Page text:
UPDATE


6 December 2000

This is to inform you that, from 29th November 2000, patent applications filed in the United States will be published 18 months after their first filing date (priority date).
Previously patent applications in the United States were published only if and when they were issued, that is, after approximately 2-3 years.
During this period it was not possible to obtain any information; when a US patent application was not issued, everything remained secret.
This typically US norm did not allow for a full view of the technique and patent situation of competitors relating to the United States, even though it guaranteed total discretion.

The United States Patent and Trademark Office (PTO) has published a regulation which foresees the following exceptions to automatic publication:

  1. The application is no longer pending, as by abandonment, issuance as a patent, or termination of proceedings;

  2. The application is under a secrecy order because the subject matter relates to national security matters;

  3. The application is a provisional application;

  4. The application is a design application;

  5. The application is a reissue application;

  6. The applicant made a request, upon filing, not to publish the application, certifying that the invention disclosed has not and will not be the subject of a published foreign application, including a Patent Cooperation Treaty (PCT) application.
    This request not to publish can be rescinded at a later date, following precise rules, otherwise the application could be rejected.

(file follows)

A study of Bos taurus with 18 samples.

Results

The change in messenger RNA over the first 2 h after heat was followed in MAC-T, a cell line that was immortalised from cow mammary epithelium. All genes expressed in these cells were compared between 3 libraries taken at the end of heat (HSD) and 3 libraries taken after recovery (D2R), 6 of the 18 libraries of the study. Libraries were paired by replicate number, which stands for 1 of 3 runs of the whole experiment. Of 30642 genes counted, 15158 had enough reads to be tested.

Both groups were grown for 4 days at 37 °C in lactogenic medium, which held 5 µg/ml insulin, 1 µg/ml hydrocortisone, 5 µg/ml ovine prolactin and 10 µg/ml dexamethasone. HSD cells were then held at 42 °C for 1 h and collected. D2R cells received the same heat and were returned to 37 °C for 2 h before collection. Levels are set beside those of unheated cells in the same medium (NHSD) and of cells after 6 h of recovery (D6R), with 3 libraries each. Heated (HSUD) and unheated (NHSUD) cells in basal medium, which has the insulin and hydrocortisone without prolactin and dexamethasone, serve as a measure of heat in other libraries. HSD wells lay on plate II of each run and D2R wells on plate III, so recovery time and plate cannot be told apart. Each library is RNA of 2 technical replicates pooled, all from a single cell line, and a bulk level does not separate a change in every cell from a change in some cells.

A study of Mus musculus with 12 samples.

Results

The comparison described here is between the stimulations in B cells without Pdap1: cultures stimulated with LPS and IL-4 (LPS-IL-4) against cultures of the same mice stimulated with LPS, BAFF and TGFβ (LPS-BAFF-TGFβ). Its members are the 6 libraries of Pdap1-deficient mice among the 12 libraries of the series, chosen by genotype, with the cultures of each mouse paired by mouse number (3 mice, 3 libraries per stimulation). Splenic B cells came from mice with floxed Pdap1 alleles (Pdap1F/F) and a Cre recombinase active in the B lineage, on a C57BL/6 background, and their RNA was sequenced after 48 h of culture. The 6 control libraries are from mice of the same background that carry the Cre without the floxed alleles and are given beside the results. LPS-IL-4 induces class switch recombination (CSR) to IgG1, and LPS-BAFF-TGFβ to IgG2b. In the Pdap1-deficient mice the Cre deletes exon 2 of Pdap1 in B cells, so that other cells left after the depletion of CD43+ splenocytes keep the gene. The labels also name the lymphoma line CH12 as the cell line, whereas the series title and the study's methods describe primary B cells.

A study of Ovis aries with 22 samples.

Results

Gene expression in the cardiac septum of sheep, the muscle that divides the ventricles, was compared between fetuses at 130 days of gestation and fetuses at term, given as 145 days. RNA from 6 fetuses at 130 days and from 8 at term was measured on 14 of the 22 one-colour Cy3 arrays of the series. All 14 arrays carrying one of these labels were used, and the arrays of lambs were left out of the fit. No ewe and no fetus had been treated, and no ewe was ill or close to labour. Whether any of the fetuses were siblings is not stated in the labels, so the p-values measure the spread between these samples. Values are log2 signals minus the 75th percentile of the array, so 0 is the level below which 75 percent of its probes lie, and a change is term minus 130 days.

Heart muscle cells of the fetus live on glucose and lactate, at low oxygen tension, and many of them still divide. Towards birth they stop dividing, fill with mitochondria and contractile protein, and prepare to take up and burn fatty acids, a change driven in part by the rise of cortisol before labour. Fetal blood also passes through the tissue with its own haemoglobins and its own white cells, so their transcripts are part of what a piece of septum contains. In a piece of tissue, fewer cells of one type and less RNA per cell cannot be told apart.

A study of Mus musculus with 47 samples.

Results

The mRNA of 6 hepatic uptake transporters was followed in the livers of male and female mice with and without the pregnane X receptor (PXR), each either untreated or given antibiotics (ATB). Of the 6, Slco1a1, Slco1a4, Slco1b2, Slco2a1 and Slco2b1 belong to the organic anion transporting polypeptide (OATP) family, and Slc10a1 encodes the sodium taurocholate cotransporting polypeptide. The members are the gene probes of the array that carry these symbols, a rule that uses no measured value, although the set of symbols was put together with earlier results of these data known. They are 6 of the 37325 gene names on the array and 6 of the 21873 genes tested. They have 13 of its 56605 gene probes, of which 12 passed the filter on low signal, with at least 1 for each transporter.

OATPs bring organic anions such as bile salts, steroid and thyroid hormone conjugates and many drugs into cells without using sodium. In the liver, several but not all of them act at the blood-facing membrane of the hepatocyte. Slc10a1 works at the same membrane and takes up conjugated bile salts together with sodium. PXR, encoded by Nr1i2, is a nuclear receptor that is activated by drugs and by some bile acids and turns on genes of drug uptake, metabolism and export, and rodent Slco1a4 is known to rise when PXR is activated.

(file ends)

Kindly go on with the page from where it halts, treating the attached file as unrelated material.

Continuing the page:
All patent applications filed before, but which are still pending on 29.11.2000 can be published on the specific request of the Patentee except in the cases of (1) to (5) above.
The content of a patent application will be published as it was filed; no subsequent amendments to the text after filing will be published with the application except on the specific request of the Patentee and with a good reason.

The publication of a US patent application gives the Patentee provisional rights for the transitional period between the publishing and granting of the application.
These provisional rights depend on the patent being issued and can entitle the Patentee to reasonable royalties for infringement of the claims in the published application during the transitional period. Such provisional rights are also dependent on the requirement for the claims in the issued patent to be substantially identical to those made in the published application.

It is also possible, on the Patentee's specific request, to defer examination of a patent application for a period of up to 3 years from its first filing date (priority date).